As I’ve written before, it’s important for our policymakers and elected leaders not to lose their heads over technological advances in the economy. This recent headline—“The driverless truck is coming, and it is going to automate millions of jobs”—does not help.
While it is true that new trucks are coming, the author exaggerates when he predicts a “400 percent price-performance improvement in ground transportation networks.” Without citing his source, he asserts that 75 percent of long-haul trucking costs are labor costs. That figure is nonsensical: depreciation, fuel, insurance, profits, interest costs, and maintenance consume a much larger share of these shipping costs. The Bureau of Economic Analysis in its industry studies shows that just 26 percent of transportation industry costs in 2014 were due to labor compensation.
Furthermore, not all of the 1.6 million long-haul drivers will lose their jobs. First, many drivers are part of the unloading process. Second, automated driving technology is not very good in unusual circumstances (e.g., changing lanes in traffic jams, taking directions for construction and other detours, fixing flat tires, etc.). Third, the notion of convoys of trucks driving in close proximity at a fixed speed of 45 miles an hour (to save gas) creates risks for cars trying to exit the highways.
For these reasons, just as there are extra workers on trains, humans will have to be present to respond to these out-of-the-ordinary events. Total job losses will therefore be considerably less than the total number of driver jobs.
But losing jobs in one area does not have to lead to overall job losses. Ever since the Luddites tried to smash the machines that reduced their numbers, total employment hasn’t gone down—it has only been reorganized into different areas. In the hundred years from 1860 to 1960, agricultural employment went from 60 percent of the work force to five percent without leading to massive unemployment, which tended to move up and down in response to the business cycle.
In the 1950s and 1960s, many feared that the introduction of new manufacturing machines would drive up unemployment; in November 1961, Time ran a major story on the “automation jobless.”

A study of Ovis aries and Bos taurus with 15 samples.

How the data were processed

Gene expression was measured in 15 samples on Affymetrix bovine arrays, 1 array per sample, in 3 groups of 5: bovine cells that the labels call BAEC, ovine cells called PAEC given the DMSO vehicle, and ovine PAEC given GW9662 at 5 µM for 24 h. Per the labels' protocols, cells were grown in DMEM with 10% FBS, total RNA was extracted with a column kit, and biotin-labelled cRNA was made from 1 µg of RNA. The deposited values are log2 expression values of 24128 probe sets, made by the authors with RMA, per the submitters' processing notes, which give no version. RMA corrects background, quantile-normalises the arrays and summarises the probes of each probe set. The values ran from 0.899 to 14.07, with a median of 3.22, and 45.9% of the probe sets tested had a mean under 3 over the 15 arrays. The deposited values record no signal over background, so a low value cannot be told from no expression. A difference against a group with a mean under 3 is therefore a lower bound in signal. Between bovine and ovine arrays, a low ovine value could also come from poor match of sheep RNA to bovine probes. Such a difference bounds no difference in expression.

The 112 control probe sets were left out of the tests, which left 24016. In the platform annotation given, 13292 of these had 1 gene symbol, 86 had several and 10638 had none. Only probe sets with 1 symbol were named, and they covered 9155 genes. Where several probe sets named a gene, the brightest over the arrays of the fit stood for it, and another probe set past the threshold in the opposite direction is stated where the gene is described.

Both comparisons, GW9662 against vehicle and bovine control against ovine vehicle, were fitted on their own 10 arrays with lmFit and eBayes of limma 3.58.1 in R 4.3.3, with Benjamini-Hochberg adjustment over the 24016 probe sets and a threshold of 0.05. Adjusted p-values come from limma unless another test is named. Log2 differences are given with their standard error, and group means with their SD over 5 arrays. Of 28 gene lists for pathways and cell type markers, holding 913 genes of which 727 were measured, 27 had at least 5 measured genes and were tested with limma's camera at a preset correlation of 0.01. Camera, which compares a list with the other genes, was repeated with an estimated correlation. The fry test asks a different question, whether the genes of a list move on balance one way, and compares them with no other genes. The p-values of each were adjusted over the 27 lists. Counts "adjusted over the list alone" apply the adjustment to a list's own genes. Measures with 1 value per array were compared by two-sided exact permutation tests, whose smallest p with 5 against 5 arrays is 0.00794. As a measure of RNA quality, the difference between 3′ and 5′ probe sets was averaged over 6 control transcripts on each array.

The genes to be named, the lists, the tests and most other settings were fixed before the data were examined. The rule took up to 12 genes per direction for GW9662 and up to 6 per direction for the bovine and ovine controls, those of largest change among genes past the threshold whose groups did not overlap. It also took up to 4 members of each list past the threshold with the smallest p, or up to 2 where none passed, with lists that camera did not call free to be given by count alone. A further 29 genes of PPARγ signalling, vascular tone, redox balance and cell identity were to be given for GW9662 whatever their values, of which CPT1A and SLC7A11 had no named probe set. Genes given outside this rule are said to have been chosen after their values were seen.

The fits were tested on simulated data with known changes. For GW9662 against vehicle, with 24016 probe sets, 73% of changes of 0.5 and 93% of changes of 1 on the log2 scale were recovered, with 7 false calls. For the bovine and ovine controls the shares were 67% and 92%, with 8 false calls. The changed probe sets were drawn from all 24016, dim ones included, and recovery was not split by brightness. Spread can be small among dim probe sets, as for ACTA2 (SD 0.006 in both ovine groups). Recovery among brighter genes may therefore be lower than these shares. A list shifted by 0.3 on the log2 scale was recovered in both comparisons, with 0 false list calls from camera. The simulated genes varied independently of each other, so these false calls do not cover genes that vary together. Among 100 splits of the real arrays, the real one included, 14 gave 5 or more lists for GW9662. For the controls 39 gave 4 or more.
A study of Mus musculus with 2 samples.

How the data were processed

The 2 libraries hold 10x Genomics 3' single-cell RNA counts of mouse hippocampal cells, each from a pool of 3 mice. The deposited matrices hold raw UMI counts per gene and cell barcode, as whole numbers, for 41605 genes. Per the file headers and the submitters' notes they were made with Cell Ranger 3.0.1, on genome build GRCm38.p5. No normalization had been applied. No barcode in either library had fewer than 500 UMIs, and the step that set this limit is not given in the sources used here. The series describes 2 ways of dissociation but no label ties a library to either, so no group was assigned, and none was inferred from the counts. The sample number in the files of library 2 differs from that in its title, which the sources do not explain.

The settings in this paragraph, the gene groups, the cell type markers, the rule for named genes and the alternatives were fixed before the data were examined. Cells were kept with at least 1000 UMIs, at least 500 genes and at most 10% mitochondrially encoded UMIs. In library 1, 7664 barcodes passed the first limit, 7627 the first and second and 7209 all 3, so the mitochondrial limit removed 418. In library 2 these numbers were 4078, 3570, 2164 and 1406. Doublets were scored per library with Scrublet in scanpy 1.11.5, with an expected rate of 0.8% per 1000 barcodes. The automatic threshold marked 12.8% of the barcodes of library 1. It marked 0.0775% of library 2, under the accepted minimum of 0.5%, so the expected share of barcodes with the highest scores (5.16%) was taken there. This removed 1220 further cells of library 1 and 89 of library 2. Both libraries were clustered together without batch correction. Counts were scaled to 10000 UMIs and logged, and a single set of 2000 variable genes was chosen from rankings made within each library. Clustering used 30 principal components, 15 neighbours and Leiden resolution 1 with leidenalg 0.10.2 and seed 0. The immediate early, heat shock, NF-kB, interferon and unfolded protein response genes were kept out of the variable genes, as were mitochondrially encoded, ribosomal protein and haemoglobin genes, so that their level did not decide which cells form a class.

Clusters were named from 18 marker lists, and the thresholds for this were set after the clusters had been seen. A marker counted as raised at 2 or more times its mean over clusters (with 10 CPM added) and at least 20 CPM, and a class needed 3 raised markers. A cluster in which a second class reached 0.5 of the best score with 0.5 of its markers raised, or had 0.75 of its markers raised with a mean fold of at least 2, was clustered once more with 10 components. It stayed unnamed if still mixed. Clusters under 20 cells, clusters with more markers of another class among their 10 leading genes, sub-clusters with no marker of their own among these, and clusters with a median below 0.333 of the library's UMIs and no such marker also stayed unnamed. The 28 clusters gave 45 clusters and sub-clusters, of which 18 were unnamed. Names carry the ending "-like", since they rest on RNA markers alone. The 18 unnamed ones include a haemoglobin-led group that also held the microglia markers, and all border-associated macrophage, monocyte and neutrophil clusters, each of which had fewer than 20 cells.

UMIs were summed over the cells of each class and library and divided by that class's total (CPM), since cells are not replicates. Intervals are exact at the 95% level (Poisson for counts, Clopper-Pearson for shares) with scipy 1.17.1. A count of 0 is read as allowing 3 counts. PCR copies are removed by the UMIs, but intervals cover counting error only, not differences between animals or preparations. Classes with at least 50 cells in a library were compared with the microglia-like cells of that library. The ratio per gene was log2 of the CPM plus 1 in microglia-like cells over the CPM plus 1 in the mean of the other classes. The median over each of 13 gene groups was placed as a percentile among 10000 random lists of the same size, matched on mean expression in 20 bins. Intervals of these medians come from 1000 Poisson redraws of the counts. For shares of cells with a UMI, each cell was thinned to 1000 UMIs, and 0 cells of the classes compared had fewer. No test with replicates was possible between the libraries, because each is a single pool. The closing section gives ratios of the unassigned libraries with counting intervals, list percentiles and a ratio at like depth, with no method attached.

Indeed, the share of manufacturing employment declined from 35 percent in 1950 to 15 percent in 1990 (before the latest rounds of trade agreements). And, over the last several decades in the United States, containerization reduced dock side employment and did away with many clerical jobs. Yet, before the 2008 financial crisis, we had incorporated huge numbers of women and immigrants into the labor force while maintaining high employment among non-elderly adults.
In this presidential electoral cycle, there have been many proclamations about how badly the economy is performing. While few candidates have addressed technological unemployment itself, claims that the economy will no longer provide enough jobs in the future are part of a broader narrative that instills worry about the present and the future.
Finally, while many people profess that the economy as a whole isn’t doing well, a recent survey from the Federal Reserve Board found 69 percent of Americans said that they were “living comfortably” or “doing okay” and only just over 9 percent were “finding it difficult to get by.” To me, none of this suggests that we should worry about driverless 18-wheelers any time soon.